28 Jun Give the Gift of Gratitude
When I was younger I used to love days when I got to give gifts to other people. When someone’s birthday came around that meant that I could go shopping for them in order to find the perfect present. When I didn’t have money, I would make them something, but when I did have cash to spare then I would take the time to purchase something for them that they would like. And the reason I did this is because receiving presents is fun, but nothing compares to the joy on a person’s face when they unwrap your token of love.
During my high school years this gift giving experience only intensified. At my school, celebrating your friend’s birthday was essentially an Olympic sport. I’m not sure if it was because I went to an all-girls school, but what I do know is that everyone, from the freshmen all the way up to the seniors, would go all out when their buddy turned another year older. No one would’ve admitted it at the time, but we were all secretly competing against one another to see who could celebrate the hardest for their chum. We would make signs, crowns, decorate lockers, and bake brownies, cakes, and other sweet treats. And when we became upperclassmen some people went as far as to decorate the individual’s car with streamers and congratulatory messages. The goal was to bombard the birthday girl with so many things that she couldn’t walk across the school a few feet without having someone realize that she was celebrating another milestone. And I’d have to say, that the girls in my friend group and I succeeding in making this a reality each and every time. I was in my element whenever one of my pals turned another year older, and I truly enjoyed being able to make their big day a special one. By the time I got to college, however, that mentality changed.
When I entered university, suddenly celebrating birthdays wasn’t that big of a deal. We were all stressed with school and work, and so planning some big spectacle so that everyone on campus would know that it was your buddy’s birthday just wasn’t that important. The first time I came to this realization was during midterms. I had taken the time to buy one of my close friends a really cute top. I wrapped it and then I put it away in my closet so that it wouldn’t take up space in my cramped college dorm.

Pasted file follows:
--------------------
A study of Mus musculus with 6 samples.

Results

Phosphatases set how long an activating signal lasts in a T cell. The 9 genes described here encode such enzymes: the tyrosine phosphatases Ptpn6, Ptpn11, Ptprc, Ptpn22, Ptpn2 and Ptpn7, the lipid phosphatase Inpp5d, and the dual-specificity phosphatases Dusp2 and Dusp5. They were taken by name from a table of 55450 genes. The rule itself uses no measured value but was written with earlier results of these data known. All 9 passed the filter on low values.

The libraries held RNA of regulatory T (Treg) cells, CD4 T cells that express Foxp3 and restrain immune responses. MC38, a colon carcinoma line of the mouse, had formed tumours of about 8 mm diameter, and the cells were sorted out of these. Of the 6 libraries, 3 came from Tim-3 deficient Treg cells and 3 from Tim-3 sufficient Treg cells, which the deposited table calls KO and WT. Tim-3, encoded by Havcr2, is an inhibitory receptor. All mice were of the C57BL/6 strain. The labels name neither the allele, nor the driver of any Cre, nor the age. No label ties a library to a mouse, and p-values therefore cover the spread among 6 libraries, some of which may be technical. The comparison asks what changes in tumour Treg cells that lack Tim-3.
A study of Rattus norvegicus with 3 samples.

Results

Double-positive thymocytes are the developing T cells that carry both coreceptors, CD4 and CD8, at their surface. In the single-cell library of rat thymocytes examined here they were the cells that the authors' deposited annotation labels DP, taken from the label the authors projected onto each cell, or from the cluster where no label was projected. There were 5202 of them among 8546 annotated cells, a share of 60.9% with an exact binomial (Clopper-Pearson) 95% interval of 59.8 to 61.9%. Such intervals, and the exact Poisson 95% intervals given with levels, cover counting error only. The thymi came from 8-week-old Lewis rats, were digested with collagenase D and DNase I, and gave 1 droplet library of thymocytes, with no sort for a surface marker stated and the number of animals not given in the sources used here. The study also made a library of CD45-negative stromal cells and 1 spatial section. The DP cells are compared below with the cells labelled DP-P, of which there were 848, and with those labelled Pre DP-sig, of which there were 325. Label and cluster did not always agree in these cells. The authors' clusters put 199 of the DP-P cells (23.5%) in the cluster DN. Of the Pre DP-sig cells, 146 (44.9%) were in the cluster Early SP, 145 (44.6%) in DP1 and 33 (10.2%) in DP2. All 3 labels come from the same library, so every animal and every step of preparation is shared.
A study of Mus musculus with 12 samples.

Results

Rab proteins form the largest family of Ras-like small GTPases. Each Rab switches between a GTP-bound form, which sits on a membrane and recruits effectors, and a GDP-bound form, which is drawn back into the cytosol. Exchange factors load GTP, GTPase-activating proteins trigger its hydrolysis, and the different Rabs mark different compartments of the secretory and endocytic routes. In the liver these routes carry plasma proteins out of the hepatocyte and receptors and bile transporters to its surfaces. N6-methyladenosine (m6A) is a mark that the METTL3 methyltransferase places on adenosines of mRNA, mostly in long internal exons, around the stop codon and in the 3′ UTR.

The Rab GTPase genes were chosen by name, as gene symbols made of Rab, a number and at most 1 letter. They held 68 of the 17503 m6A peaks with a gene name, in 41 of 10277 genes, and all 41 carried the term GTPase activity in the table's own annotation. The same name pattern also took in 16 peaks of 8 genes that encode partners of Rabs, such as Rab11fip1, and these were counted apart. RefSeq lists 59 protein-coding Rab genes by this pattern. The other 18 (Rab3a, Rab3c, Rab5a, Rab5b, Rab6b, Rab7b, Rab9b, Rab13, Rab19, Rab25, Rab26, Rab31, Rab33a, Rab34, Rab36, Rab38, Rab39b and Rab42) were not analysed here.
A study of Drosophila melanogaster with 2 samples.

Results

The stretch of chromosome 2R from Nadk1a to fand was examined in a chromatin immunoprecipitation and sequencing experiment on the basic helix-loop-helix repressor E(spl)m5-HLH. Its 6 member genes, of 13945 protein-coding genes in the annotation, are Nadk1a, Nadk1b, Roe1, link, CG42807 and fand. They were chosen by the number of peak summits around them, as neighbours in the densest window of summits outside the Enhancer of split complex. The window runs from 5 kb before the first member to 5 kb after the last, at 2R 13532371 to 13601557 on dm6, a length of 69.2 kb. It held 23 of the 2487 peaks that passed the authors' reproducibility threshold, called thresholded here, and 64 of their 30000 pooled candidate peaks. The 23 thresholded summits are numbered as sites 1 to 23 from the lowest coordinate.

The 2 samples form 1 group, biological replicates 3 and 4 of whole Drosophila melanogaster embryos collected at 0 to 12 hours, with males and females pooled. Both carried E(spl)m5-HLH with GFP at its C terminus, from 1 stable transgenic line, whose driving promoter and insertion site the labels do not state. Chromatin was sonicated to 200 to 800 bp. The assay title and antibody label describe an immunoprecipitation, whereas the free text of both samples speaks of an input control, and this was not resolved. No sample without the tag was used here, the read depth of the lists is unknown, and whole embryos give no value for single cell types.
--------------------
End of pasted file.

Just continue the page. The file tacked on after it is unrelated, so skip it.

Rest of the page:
Needless to say, I was pretty stressed out about all of the exams that I had to take during this point in the semester. In fact, I was so overwhelmed that I ended up forgetting about the shirt that I bought for my friend. It wasn’t until the end of the year, when I was packing up all of my things to go back home, that I found her gift tucked away in the back of my closet. At that point, it was too late to give it to her, so I just ended up keeping it for myself. It sucked that I never got to give it to her and see the happiness on her face. It felt like a waste of time and energy to spend hours out of my day picking out the gift and wrapping it, only to have her never receive it. The situation wasn’t ideal, but I just learned from that mistake and decided to move on from it.
Gifts are a great way to show gratitude in life, but there are other ways to do it as well. Words go a long way in this world, so if you don’t have the means to give someone a physical gift, then you can use your words to show them how much you appreciate them. And that’s exactly what I started doing once I hit college. So, even if you choose not to give a tangible gift, you should make some genuine effort to show your appreciation to the people you care about. Keeping those feelings tucked away inside of you is just as useless as the present I bought and wrapped for my friend that I never ended up giving to her. Gratitude is meant to be given, positive thinker. So, make sure to share it when you can.